Summit County property managers rush to meet Colorado licensing requirements | SummitDaily.com

Summit County property managers rush to meet Colorado licensing requirements

Local property management companies rushed to meet new Division of Real Estate licensing requirements by July 1. The extensive — and expensive — licensing process involves a 24-hour course, a test designed by the Department of Regulatory Affairs, as well as fingerprinting and a background check for all community association managers.

“We want to make sure everybody has a good amount of education, and we believe there are some consumer protection issues here, that someone without a background check may embezzle money, among other things,” said Eric Turner, education, communication and policy manager for the Division of Real Estate. “There was no background check, so anybody could say ‘Hey, I’m an association manager’ and start managing homeowners associations.”

He added that the new law would allow the Division of Real Estate to audit association management companies.

Community association managers (or CAMs) are tasked with working both homeowners and board members, helping supervise maintenance, provide financial statements, and secure bids for needed services. Since the new requirements were announced in January, 1,200 people have taken the exam to obtain a license.

Those who have taken the needed steps, but were not able to pass the test before the July 1 deadline, are able to apply for a provisional license that will last through Dec. 31. Those who are new to the field can apply for an apprenticeship license, which is easier to obtain, but requires supervision and expires after a year.

“Our industry is very unique, very quirky. We deal with the largest investment someone has — their home. It’s a very personal matter,” said Carmen Stefu, president of the Rocky Mountain chapter of the Community Associations Institute. “That’s what makes it special: you deal with people and their largest investment, and you must be ultra-educated to do that right.”

The Community Associations Institute has offered classes, seminars and other resources for property managers several years before DORA’s new regulations came into play. They also supported the “community association manager practice act” that was signed by Gov. John Hickenlooper in 2013, leading to this year’s licensing requirements.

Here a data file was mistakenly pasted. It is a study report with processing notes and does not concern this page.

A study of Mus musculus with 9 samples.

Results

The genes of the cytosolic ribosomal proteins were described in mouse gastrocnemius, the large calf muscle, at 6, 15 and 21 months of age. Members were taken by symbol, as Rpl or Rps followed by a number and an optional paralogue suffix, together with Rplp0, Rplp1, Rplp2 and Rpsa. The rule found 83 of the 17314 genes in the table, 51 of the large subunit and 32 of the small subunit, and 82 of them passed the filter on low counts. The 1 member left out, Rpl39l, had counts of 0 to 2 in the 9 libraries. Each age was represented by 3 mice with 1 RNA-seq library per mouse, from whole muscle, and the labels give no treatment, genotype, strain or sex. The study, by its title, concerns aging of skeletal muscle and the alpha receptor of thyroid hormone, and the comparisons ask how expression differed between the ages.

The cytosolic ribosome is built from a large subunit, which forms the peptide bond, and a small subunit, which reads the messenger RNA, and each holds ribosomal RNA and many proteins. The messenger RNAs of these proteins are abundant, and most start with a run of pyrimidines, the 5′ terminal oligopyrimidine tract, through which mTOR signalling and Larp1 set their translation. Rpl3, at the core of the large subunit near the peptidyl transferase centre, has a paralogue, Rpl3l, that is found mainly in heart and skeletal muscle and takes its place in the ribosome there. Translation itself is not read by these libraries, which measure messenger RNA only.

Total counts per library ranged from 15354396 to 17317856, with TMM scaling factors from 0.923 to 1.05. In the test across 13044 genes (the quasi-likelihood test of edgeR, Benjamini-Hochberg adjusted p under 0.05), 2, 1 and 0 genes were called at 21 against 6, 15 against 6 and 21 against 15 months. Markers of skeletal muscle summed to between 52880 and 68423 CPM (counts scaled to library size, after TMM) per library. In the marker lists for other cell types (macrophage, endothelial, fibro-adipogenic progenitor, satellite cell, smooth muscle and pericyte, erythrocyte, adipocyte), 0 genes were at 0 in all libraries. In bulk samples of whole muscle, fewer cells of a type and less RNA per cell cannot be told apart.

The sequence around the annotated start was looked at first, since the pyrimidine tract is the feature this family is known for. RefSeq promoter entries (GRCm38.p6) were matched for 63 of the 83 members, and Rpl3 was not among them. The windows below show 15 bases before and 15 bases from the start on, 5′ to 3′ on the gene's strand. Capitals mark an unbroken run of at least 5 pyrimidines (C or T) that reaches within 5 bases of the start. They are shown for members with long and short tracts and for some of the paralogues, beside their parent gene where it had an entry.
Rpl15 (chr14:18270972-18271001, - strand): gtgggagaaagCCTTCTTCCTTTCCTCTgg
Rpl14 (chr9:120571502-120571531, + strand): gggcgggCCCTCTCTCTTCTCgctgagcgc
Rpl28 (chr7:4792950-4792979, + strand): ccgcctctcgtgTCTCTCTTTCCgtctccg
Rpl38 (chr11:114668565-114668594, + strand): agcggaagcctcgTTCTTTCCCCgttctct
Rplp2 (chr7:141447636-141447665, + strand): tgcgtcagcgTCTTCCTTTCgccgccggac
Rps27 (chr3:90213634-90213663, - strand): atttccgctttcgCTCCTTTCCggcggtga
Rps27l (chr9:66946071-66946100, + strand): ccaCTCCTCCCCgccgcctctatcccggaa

CAI also offers designations testifying to the education and training of property managers. CAMs who are already designated only need to take part of the test to become licensed; no classes required.

“Having a designation after your name in this field does matter,” Stefu said. “We really just want to offer everyone as much education as we can.”

The cost of business

While most of Summit County’s property managers have stepped up to the plate and gotten licensed, the process is not cheap.

Pat Miller, community association manager for Wildernest Property Management said the company sent in 22 applications before July 1, with each license (regular, provisional or apprentice) costing $205 each.

On top of that, each test costs $90, with each retake at $85. Miller added that the cheapest online course they could find came in at $399. The one-time company certification, another requirement, cost $175.

“Our company has put a boatload of money in there,” Miller said.

While Miller, and nearly a third of Wildernest Property Management’s team were already certified, they still had to take part of the test to obtain a license. She added that two employees applied for an apprentice license, and four applied for a provisional license.

“The bummer was someone missed one question, and needed to retake the test but they didn’t have a timeslot available before July 1,” Miller said. “People are failing this test left and right — it’s not an easy test.”

Libby Jocelyn, president of Alpine Meadow Management said that her company rushed to get licensing once the requirements were announced on Jan. 1.

“It was a very short window,” Jocelyn said. “All along throughout the process they continued to change the rules. We were constantly scrambling.“

Jocelyn’s company manages eight homeowners associations, as well as three timeshare associations.

“I think it was possible to get it done,” she added. “I applaud everyone who got it done, because it was hard to do unless you are a member of CAI.”

So far, DORA maintains that property managers will need to renew their licenses annually. More information on the new requirements is available at http://www.cai-rmc.org.